Monday, October 15, 2018


Benjamin Ebert, Jennifer Elisseeff, Matthew Meyerson, and Janey Wiggs

On Oct. 15, four alumni of the Harvard-MIT Program in Health Sciences and Technology were elected to the National Academy of Medicine (NAM), each securing one of the highest honors in the fields of health and medicine. Benjamin Ebert, Jennifer Elisseeff, Matthew Meyerson, and Janey Wiggs were among 85 newly elected members recognized for their “outstanding professional achievement and commitment to service in science, medicine, health, and policy in the U.S. and around the globe,” according to the NAM. Ebert, Meyerson, and Wiggs are HST MD alumni, while Elisseeff is a graduate of HST's MEMP PhD program.

The NAM was founded in 1970 as the Institute of Medicine, and is one of three academies comprising the National Academies of Sciences, Engineering, and Medicine. The organization is a nonprofit providing objective guidance on the topics of health, science, and technology. More than 2,000 members strong, it has distinguished itself as a reliable source for credible advice on topics related to human health, and aims to secure a healthy future for all.

Details regarding the alumni's individual recognitions are as follows:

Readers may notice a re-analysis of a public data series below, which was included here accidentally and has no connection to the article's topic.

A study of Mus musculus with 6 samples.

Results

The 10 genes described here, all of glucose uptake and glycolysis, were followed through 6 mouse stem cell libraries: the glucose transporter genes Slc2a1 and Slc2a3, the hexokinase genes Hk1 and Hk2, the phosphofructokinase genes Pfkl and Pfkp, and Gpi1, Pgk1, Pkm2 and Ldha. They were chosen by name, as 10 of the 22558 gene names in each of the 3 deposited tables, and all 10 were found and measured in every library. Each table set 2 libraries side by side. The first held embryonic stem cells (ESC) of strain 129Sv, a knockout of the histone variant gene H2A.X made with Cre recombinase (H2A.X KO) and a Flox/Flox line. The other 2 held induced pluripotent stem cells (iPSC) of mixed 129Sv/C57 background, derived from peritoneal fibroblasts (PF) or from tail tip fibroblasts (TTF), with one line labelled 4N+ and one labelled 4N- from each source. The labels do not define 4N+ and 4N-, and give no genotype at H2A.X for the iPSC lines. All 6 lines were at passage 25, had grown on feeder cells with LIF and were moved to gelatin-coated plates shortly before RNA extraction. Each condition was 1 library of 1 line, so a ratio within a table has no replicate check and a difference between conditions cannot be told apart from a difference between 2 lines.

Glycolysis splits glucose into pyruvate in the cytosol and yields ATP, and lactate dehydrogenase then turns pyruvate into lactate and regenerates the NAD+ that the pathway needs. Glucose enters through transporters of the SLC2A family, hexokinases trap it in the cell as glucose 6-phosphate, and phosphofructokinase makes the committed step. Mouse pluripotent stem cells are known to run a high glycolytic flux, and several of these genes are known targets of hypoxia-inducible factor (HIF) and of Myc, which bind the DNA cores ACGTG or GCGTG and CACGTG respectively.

Benjamin Ebert, M.D., Ph.D., chair of medical oncology, Dana-Farber Cancer Institute; and George P. Canellos MD and Jean Y. Canellos Professor of Medicine, Harvard Medical School, Boston was recognized for contributions to understanding the genetics and biology of myeloid malignancies, to the characterization of clonal hematopoiesis, and to elucidating the mechanism of action of thalidomide and its analogs.

Jennifer Elisseeff, Ph.D., Morton Goldberg Professor, department of biomedical engineering and ophthalmology, Johns Hopkins University, Baltimore, was recognized for significant achievements in regenerative medicine therapies and contributions to regenerative immunology.

Matthew Meyerson, M.D., Ph.D., professor of pathology, Harvard Medical School, Dana- Farber Cancer Institute, Boston, was recognized for discovery of EGFR mutations in lung cancer and their ability to predict responsiveness to EGFR inhibitors, thereby helping to establish the current paradigm of precision cancer therapy.

Janey Wiggs, M.D., Ph.D., Paul Austin Chandler Professor of Ophthalmology, vice chair for clinical research in ophthalmology, Harvard Medical School; associate chief, ophthalmology, Massachusetts Eye and Ear; and associate member, Broad Institute of MIT and Harvard, Boston, was recognized for research and achievements in the field of ocular genetics, including the discovery of multiple genetic and environmental risk factors for glaucoma, and for developing and implementing genetic testing for inherited eye disease.